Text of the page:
Hadrian's Wall Day #1

A couple of weeks ago, Mum and I did a three day hike along Hadrian's Wall in the UK. This is our story.

We set off on our Journey bright and early on Thursday morning, after a hearty English breakfast. Today we walked from Humshaugh to the Old Repeater Station at Grindon, which is about 12 km.

Okay. Off we go. Everyone had promised us it would absolutely CHUCK down with rain, and the clouds looked incredibly threatening ahead, low and grey.

A little history, perhaps. The Wall was built in AD122, in order to keep out the northern barbarians and also just to generally control movement of people across the border. it took 16 years to build, and stretched 76 miles (or 122 km) from the eastern coast of Newcastle to the Western coast of Carlisle. It was the brainchild of Emperor Hadrian, although until about 200 years ago people thought it was the emperor AFTER him, and called it Severus's Wall (SNAPE! SNAPE!), which seems a bit unfair to poor old Hadrian, although I'm sure he didn't do any of the heavy lifting himself.

Here we have some genuine Roman footsoldiers: the coloured markings on their backs determine which regiment they belong to. These guys are part of the 36th infantry, and while they may LOOK like they're eating grass, they are in fact COILED SPRINGS, awaiting ACTION.

Here I am on the Wall itself. You will see a genuine Northern Barbarian behind me, sneaking up to try and pillage my packet of crisps. Lucky the Wall is in the way, huh? Thanks, Emperor Hadrian! (seriously, those cows are ENORMOUS and sometimes they are TOTALLY blocking stiles we have to climb over and they look really MEAN and OBSTINATE)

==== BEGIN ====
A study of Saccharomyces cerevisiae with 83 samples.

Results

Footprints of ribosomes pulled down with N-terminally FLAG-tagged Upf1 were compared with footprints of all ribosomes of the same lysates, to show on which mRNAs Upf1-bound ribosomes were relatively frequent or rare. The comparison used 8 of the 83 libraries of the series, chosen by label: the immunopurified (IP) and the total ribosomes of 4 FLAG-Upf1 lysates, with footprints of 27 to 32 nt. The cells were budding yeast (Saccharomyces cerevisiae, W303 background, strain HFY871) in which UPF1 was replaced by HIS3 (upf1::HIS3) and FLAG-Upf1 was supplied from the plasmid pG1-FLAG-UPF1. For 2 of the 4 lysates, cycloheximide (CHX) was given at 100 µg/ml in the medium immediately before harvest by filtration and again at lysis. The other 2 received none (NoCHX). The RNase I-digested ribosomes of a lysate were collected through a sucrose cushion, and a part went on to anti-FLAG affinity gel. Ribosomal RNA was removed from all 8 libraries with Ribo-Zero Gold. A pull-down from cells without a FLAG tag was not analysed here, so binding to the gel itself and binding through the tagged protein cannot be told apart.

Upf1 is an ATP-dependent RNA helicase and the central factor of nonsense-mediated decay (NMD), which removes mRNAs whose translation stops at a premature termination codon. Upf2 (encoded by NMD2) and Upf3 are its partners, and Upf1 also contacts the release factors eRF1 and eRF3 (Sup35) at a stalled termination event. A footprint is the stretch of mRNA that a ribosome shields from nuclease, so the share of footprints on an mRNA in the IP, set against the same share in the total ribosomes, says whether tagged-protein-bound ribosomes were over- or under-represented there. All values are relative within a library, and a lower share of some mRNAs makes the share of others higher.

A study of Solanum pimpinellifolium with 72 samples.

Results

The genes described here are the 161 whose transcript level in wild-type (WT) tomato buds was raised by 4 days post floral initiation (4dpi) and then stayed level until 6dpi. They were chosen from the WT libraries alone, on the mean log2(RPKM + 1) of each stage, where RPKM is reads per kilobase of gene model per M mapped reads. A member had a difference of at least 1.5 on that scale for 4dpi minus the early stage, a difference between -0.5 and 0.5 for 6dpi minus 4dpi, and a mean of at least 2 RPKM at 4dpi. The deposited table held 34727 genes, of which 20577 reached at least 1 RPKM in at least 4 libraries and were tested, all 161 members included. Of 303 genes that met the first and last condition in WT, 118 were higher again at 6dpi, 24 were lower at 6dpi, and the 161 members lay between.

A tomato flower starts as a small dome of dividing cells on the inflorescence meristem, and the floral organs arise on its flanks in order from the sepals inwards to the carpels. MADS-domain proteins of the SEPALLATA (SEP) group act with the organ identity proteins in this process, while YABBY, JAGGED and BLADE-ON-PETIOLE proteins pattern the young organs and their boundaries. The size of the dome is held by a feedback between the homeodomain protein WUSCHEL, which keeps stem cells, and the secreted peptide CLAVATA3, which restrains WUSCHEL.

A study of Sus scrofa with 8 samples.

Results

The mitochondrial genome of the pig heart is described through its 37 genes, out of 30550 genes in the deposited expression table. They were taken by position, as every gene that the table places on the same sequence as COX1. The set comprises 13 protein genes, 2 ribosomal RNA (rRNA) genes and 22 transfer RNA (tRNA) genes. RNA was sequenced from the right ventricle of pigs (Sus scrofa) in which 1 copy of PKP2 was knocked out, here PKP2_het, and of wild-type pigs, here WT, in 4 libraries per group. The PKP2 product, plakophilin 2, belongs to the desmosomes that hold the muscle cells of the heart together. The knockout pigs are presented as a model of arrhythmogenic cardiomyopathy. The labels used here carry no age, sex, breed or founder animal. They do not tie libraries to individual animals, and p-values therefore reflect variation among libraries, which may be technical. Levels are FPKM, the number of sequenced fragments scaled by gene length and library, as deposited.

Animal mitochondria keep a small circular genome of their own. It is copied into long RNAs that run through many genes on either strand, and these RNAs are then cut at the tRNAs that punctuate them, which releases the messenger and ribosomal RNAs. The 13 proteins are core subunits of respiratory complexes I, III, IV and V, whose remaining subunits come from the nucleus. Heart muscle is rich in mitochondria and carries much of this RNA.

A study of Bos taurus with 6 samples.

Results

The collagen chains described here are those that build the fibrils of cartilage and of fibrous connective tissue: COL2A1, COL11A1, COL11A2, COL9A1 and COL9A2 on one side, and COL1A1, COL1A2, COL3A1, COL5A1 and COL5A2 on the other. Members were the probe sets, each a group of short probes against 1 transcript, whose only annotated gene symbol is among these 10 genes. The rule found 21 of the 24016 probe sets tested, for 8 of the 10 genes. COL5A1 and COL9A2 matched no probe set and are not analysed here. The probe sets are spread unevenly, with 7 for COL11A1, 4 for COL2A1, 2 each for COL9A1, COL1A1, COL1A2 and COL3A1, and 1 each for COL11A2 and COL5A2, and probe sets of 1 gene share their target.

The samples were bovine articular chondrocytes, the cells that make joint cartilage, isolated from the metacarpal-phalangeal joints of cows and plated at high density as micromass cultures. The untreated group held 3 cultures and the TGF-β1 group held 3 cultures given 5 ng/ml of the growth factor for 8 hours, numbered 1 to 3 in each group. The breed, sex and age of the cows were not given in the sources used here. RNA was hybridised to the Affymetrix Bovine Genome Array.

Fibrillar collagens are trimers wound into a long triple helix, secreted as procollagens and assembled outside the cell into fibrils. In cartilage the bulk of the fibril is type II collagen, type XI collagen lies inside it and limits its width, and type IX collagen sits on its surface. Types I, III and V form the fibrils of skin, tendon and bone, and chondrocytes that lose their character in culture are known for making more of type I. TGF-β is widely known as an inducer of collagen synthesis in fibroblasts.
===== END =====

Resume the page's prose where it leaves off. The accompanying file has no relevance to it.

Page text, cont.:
Okay, so about the Wall itself. 45 miles of it is made out of stone, like all the bits we'll see. Further east it was made of Turf and then replaced with stone in later years. The Wall was 4m high and 3m wide. Every Roman mile (1000 paces) there was a milecastle, like a fortified gateway. Between each milecastle were two watchtower turrets. It took a man 2 1/2 minutes to run along the wall from one turret/milecastle to the next, so if you kept swapping men, you could get a message from one side of the country to the other in a couple of hours. (is this boring? I'm such a nerd.) Okay, lastly, the fortification is more than just the wall. On the southern (English) side, there's a mound, then a ditch (called a Vallum) then another mound, THEN the wall. The mounds and vallum were sort of to indicate the military zone, a sort of 'no-go' area for civilians. Then on the North side of the wall there's a big deep ditch to stop those pesky Scots from getting in.

This is me standing at the very very very very northernmost point of the Roman Empire. Barbarian hordes could be popping up from the North at ANY MINUTE.

Here is a Mithraic Temple. Yes, I thought that was something from Lord of the Rings too. Apparently I was wrong. It's a Roman religion that lived alongside Christianity for a while until the Christians unsportingly but unsurprisingly decided they didn't really like sharing. The temple was very very small because according to legend, the god Mithras went into a cave and killed a GIANT BULL and bathed in its life force. Ew. There's also something about a raven and a snake, but i can't tell you what it is because Mum has fallen asleep with the book in her hand, and I don't want to wake her. The temple also isn't normally underwater, in fact it was discovered in a farmer's field during a drought, when all the dirt shrank and a dog came and scratched at one of the stones.

This is pretty much the very (windy) middle of Britain here. It's starting to look pretty bleak. But we're nearly at our B&B! Maybe we'll miss the rain! We've been lucky so far, it's rained all around us but the wind is so strong it's blown the clouds right by. Maybe our luck will hold for another hour.

Maybe not.

But now we are arrived in the Old Repeater Station where we are staying the night. So until tomorrow, as the Romans say: KTHXBAI.